Washington — Four Republican members of Congress — Senator Ted Cruz and Representatives Matt Gaetz, Paul Gosar and Doug Collins — have said they are quarantining themselves after learning they had contact with a person who has tested positive for COVID-19, or coronavirus, at the Conservative Political Action Conference (CPAC) outside Washington last month.
Gaetz's office tweeted on Monday that he was informed he had come in contact with the patient 11 days ago and would self-quarantine for another three days. The Florida congressman wore a gas mask on the floor of the House last week during a vote on an emergency funding package aimed at combatting the spreading virus.
Gaetz traveled aboard Air Force One with President Trump to Washington on Monday. His office said he is not experienced symptoms and expects to learn results from a test for the virus soon.
On Sunday, Cruz said he had brief contact with the individual at CPAC nearly two weeks ago. The senator said he will spend the next few days at his home in Texas until a full 14 days had passed since their interaction.
Gosar, from Arizona, said he had made contact with the person at CPAC and that he and three members of his senior staff were under self-quarantine. His office will be closed for the week, Gosar said in a tweet Sunday.
On Monday, Collins said in a statement he was notified by CPAC that he was in a photo with the patient, and said will self-quarantine at his home "out of an abundance of caution." The Georgia Republican said he feels "completely healthy" and is not experiencing any symptoms.
Collins greeted Mr. Trump with a handshake when he arrived in Georgia on Friday and went with the president to visit the Centers for Disease Control in Atlanta.
Besides Cruz, Gosar and Gaetz, the CPAC schedule listed three other senators and 11 House members who were scheduled to speak. They included No. 2 House GOP leader Steve Scalise of Louisiana, No. 3 Republican leader Liz Cheney of Wyoming and congressman Mark Meadows of North Carolina, who has since become the .
Cruz said he has since consulted with medical authorities from the Houston Health Department, the Harris County Public Health Department, the Centers for Disease Control and Prevention, the Department of Health and Human Services as well as his personal physician.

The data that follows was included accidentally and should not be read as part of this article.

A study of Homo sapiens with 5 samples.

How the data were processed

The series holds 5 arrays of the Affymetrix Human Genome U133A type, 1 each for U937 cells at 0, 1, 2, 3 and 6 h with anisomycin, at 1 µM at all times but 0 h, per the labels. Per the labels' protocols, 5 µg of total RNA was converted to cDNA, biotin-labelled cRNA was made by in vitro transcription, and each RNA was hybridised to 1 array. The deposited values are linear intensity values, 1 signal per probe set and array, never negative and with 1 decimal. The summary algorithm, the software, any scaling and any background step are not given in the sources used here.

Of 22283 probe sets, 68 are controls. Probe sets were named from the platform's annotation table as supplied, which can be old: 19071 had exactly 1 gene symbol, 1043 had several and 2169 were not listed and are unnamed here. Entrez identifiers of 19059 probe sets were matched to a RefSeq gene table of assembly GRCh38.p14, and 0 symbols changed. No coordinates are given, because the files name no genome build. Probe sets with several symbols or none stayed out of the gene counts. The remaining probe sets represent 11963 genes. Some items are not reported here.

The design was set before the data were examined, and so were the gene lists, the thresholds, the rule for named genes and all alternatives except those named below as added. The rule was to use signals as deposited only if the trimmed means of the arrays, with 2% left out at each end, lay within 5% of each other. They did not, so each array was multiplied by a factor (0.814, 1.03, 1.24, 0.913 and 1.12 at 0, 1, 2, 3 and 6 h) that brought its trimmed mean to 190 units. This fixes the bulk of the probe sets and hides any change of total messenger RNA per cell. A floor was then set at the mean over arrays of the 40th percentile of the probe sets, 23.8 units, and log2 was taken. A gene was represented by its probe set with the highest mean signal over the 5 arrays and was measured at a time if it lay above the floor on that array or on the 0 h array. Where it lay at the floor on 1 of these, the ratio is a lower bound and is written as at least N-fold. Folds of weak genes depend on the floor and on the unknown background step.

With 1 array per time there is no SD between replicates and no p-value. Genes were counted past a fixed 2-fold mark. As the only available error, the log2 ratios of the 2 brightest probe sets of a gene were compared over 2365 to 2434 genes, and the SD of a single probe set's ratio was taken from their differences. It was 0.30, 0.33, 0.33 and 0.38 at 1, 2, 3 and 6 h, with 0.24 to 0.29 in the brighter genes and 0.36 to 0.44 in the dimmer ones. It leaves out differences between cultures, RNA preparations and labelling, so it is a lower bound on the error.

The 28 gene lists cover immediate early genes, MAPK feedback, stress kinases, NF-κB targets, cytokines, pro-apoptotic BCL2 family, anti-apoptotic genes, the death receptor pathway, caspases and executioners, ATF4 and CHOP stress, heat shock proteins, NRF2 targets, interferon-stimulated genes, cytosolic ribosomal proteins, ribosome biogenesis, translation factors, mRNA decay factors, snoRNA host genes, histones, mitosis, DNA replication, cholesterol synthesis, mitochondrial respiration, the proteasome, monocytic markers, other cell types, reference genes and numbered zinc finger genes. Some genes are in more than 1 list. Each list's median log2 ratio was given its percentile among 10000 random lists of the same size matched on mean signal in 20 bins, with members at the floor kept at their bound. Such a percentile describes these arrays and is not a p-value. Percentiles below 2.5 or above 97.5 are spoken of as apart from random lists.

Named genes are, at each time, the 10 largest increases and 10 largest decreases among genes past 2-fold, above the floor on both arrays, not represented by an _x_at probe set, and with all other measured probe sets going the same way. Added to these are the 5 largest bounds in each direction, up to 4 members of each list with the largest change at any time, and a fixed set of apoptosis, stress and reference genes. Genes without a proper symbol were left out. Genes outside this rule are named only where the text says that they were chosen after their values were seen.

He also said he has spoken with Vice President Pence, Senate Majority Leader Mitch McConnell and Meadows.
"I'm not experiencing any symptoms, and I feel fine and healthy," Cruz tweeted. "Given that the interaction was 10 days ago, that the average incubation period is 5-6 days, that the interaction was for less than a minute, and that I have no current symptoms, the medical authorities have advised me that the odds of transmission from the other individual to me were extremely low."
The senator said his physicians further advised that testing isn't effective before symptoms manifest and that his brief interaction with the individual doesn't meet the CDC's criteria for self-quarantine.
"The medical authorities explicitly advised me that, given the above criteria, the people who have interacted with me in the 10 days since CPAC should not be concerned about potential transmission," Cruz said. "Nevertheless, out of an abundance of caution, and because of how frequently I interact with my constituents as a part of my job and to give everyone peace of mind, I have decided to remain at my home in Texas this week, until a full 14 days have passed since the CPAC interaction."